Best Practices in Inclusive Pedagogy for Online Asynchronous Courses: Syllabus Creation and Discussion Forum Design
Date and Time
August 18, 2022; 1:00 p.m. - 2:30 p.m.
Dr. Ayden Adler, Assistant Professor of Arts Administration, Department of Arts and Communication
The classroom, whether physical or virtual, is a reflection of the world in which we live. Research has shown that students from underrepresented groups often face additional challenges succeeding in the classroom. By implementing inclusive teaching practices, faculty can create learning environments in which all students feel like they belong and can learn at high levels. An inclusive classroom has two structured components: course design and the class environment. This workshop focuses on one element from each component, creating effective syllabi and designing engaging online discussion forums. Informed by authors such as Christopher Emdin, Paulo Freire, bell hooks, and Bettina Love, this workshop offers inclusive teaching practices that can be immediately put to use to benefit both faculty and their students. These practices are tailored for online, asynchronous teaching, but are also relevant in the physical classroom.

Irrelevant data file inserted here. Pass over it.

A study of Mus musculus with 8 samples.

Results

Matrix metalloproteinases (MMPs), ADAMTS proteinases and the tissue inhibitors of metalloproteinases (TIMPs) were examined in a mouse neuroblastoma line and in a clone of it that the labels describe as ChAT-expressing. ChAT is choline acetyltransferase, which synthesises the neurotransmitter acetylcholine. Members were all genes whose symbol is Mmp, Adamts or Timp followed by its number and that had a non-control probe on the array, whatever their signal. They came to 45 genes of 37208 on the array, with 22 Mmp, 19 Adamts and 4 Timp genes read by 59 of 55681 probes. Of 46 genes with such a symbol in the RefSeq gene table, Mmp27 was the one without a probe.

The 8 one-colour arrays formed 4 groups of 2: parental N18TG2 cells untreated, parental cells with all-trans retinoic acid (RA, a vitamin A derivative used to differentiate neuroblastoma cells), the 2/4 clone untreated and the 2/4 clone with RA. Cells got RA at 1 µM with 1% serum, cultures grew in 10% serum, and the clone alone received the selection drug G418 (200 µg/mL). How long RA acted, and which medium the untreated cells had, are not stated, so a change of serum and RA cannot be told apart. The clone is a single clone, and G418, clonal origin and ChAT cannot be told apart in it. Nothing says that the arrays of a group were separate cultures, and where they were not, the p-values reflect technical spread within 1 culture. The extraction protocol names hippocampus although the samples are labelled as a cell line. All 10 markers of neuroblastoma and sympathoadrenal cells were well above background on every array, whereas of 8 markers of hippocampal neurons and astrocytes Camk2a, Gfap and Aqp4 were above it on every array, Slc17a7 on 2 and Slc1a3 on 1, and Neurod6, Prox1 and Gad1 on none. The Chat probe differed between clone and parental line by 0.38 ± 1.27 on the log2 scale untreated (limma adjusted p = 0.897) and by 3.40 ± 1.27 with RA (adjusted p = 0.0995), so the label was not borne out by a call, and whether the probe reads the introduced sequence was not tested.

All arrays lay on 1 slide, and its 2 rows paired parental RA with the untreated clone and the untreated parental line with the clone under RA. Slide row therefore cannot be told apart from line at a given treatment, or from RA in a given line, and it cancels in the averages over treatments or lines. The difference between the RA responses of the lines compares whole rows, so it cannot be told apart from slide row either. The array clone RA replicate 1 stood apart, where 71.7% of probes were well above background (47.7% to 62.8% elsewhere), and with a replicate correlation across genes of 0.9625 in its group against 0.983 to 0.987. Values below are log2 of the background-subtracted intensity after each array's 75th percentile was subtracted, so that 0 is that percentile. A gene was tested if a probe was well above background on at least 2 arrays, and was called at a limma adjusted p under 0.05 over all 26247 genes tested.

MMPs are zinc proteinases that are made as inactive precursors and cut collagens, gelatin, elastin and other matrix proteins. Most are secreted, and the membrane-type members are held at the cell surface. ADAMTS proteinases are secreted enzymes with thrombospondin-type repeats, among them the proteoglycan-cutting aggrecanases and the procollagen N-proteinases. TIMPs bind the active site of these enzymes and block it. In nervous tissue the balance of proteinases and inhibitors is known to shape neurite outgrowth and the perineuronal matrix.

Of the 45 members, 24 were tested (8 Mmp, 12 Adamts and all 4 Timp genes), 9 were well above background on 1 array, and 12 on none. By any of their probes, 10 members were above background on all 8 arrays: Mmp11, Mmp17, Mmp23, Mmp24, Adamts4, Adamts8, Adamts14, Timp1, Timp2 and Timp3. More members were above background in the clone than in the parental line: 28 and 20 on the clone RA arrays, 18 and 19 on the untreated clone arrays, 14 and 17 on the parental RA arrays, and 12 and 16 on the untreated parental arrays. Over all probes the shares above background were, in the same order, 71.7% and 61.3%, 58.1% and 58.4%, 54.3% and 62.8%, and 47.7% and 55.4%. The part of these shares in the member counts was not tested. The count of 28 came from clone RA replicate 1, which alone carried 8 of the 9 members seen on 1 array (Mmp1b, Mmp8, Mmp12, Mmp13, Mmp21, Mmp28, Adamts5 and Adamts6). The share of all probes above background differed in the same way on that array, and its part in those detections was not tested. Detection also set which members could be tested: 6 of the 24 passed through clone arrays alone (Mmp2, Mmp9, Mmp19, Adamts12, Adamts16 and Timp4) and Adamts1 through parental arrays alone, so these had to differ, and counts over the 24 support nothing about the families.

With degrees from Princeton University (A.B.), the Juilliard School (M.M.), and the Eastman School of Music (M.A., D.M.A., Ph.D.), Dr. Adler’s vision is to sustain the arts through robust inclusivity and diversity, superlative artistry, and innovative approaches to audience engagement and retention. Her academic research focuses on the history of arts and culture institutions in the United States from the Gilded Age to the present. Her current book project, Orchestrating Whiteness: Serge Koussevitzky, Arthur Fiedler, and the Boston Symphony Orchestra, under contract with the University of Illinois Press, addresses the historical roots of systemic racism in classical music in the United States.